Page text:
Can Cubs turn a free agent bust into low-risk bullpen answer with Brandon Morrow in 2020?
The once-dominant reliever appears healthy again and plans to pitch again in 2020 after missing the last year and a half with elbow problems — with the Cubs first in line for a minor-league deal.
SCOTTSDALE, Arizona — Maybe the Brandon Morrow Era with the Cubs isn’t over, after all.
Emphasis on maybe.
Morrow, who spent a year and a half of his two-year, $21 million contract on the Cubs injured list, had a “minor” surgery to relieve nerve pressure on his troublesome right elbow at the end of the season. And results have been promising enough so far that he plans to pitch in 2020, said his agent, Joel Wolfe.
And the Cubs are first in line for a minor-league deal that could turn one of their worst free agent signings in recent years a low-cost solution to filling a late-inning bullpen need in 2020.
The Cubs, who paid $3 million to buy out Morrow’s $12 million contract option for next season, are monitoring his rehab with an eye toward taking a flyer on him as they look to stay competitive while maneuvering around a tight payroll.
“I don’t believe Brandon would sign with anyone else until the Cubs decide what they want to do,” Wolfe said. “The Cubs invested a lot of time into Brandon, and money, of course, and Brandon feels a certain sense of loyalty and obligation back to the Cubs to stay with them if they want him on a minor-league contract or something like that.
“He signed with the Cubs because he thought they were the best organization out there for him, and he still believes that.”
No promises. And certainly no guarantees.
But Morrow, 35, was dominant the first half of 2018 before he was hurt. He also has spent much of his career sidelined by injuries to his shoulder, elbow, forearm, oblique, finger and back.
The latest injury seemed the most problematic, considered minor in 2018 when he went on the disabled list, eventually diagnosed as a bone bruise when he was shut down later that season, and then involving multiple setbacks in 2019.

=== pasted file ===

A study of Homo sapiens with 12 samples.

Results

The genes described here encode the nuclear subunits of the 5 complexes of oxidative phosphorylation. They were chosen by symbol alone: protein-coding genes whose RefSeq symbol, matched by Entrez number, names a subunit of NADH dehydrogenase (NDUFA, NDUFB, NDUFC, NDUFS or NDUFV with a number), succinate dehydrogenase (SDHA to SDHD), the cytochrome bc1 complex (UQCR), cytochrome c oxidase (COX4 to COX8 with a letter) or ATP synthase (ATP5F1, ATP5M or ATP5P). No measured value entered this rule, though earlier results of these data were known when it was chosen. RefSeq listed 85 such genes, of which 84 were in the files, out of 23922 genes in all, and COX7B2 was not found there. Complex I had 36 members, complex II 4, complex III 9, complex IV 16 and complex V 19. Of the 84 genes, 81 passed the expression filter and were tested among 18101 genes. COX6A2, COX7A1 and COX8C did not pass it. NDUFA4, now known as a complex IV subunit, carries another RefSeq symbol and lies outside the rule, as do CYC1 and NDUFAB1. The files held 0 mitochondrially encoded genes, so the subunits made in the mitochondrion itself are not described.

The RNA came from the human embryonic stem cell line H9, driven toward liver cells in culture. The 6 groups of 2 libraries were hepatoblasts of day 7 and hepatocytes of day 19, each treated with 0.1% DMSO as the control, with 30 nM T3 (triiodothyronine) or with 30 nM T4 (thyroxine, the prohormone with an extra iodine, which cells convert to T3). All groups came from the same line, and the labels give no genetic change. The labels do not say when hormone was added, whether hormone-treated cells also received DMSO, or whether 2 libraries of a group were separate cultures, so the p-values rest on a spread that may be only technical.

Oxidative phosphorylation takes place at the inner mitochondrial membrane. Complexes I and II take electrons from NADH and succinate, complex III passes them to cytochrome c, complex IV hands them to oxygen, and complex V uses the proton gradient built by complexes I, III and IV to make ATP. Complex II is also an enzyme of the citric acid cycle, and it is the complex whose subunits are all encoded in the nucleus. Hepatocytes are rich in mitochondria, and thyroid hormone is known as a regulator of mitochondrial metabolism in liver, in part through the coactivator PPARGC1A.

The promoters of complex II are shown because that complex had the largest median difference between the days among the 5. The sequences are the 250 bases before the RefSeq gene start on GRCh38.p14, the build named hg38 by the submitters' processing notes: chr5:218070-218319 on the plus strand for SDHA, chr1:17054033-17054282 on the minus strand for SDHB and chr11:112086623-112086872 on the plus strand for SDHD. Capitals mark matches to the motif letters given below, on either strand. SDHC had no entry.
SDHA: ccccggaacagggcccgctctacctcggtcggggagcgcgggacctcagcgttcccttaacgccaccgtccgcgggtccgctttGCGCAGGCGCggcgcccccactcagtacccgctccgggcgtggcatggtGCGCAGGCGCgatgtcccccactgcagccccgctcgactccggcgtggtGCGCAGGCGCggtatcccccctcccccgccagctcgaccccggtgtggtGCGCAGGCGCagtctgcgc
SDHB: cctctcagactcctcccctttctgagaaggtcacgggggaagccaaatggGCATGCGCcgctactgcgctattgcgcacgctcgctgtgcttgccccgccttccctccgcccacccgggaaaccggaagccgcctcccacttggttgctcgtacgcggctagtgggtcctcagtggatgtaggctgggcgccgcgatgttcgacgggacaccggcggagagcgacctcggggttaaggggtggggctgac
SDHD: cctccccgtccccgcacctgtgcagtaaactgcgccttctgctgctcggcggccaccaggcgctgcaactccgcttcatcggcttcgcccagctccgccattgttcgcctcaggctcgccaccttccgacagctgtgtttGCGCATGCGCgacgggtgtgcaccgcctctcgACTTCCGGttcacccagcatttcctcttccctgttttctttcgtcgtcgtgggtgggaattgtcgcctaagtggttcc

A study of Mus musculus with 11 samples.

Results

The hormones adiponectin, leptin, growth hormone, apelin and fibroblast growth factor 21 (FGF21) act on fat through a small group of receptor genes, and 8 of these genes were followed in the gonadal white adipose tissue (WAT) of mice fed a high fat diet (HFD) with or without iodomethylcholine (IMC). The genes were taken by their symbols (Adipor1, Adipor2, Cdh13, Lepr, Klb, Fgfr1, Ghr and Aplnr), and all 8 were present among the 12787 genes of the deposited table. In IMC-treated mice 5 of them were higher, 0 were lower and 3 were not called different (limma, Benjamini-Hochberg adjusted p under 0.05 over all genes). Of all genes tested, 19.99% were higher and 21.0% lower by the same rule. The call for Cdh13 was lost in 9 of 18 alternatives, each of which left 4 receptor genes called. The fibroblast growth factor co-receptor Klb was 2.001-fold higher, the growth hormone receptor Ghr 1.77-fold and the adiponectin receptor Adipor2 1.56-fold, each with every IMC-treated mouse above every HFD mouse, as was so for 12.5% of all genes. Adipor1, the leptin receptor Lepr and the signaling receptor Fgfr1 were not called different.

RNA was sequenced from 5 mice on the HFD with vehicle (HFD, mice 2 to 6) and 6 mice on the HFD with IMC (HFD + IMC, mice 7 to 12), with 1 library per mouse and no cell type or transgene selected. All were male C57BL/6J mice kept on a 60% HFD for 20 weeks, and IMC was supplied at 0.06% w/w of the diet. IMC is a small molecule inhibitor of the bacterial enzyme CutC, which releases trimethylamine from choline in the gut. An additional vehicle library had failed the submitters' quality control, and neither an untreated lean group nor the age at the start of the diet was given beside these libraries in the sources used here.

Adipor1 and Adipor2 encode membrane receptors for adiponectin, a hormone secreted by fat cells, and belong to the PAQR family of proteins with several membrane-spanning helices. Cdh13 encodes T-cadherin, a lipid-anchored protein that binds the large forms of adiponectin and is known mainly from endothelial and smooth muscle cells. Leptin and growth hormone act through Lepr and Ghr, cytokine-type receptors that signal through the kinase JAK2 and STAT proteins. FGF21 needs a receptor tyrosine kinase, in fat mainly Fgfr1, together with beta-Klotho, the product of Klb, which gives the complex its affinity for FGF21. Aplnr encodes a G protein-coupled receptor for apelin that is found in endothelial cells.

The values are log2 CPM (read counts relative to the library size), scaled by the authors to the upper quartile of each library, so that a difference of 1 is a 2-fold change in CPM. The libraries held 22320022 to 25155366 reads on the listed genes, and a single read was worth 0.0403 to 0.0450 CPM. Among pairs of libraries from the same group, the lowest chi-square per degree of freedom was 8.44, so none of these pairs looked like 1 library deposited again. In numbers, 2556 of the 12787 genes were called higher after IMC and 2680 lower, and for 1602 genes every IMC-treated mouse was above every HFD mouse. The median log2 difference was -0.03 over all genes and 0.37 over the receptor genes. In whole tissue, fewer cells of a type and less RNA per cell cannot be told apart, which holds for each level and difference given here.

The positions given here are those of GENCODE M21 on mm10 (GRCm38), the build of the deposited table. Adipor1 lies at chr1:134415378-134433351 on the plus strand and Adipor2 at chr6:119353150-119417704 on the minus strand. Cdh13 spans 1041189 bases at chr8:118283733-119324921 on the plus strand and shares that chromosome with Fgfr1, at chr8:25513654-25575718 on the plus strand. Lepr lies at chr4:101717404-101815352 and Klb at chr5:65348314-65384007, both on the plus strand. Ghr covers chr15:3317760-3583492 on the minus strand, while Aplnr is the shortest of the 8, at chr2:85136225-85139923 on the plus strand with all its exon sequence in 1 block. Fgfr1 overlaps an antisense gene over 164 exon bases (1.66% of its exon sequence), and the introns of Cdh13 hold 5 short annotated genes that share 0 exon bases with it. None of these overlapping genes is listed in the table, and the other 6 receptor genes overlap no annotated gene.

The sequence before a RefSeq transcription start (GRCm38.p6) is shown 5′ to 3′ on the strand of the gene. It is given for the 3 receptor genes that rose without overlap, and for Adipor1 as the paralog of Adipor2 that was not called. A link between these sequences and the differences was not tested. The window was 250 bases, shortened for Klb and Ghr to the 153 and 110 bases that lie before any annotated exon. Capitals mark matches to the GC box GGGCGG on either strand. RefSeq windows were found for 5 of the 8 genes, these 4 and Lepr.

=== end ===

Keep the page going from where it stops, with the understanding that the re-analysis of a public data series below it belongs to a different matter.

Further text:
Southern California orthopedists Steven Shin and Neal Attrache looked at him in September and focused on the elbow nerves, using a “hydrodissection” procedure first — which helped until Morrow increased his throwing intensity — then addressed it with the more invasive surgery.
Morrow expects to start a throwing program in three to four weeks that could result in a “normal” off-season that makes him ready for spring training, said Wolfe, who is quick to temper his optimism because of all the fits and starts to the lengthy process already.
“It was such a peculiar thing that none of the doctors could really figure it out,” Wolfe said. “As optimistic as we are with what Dr. Shin and Dr. Attrache did with him, we won’t know that they were right and they have the answer until later.”
If the latest diagnosis and fix aren’t the answers, Morrow might be forced to retire. But if the early signs hold up into the spring, the Cubs might finally get some of their value out of their investment in Morrow.
“The Cubs have paid him plenty and he just wants to get back and pitch,” Wolfe said. “He didn’t want to go out like that in his career.”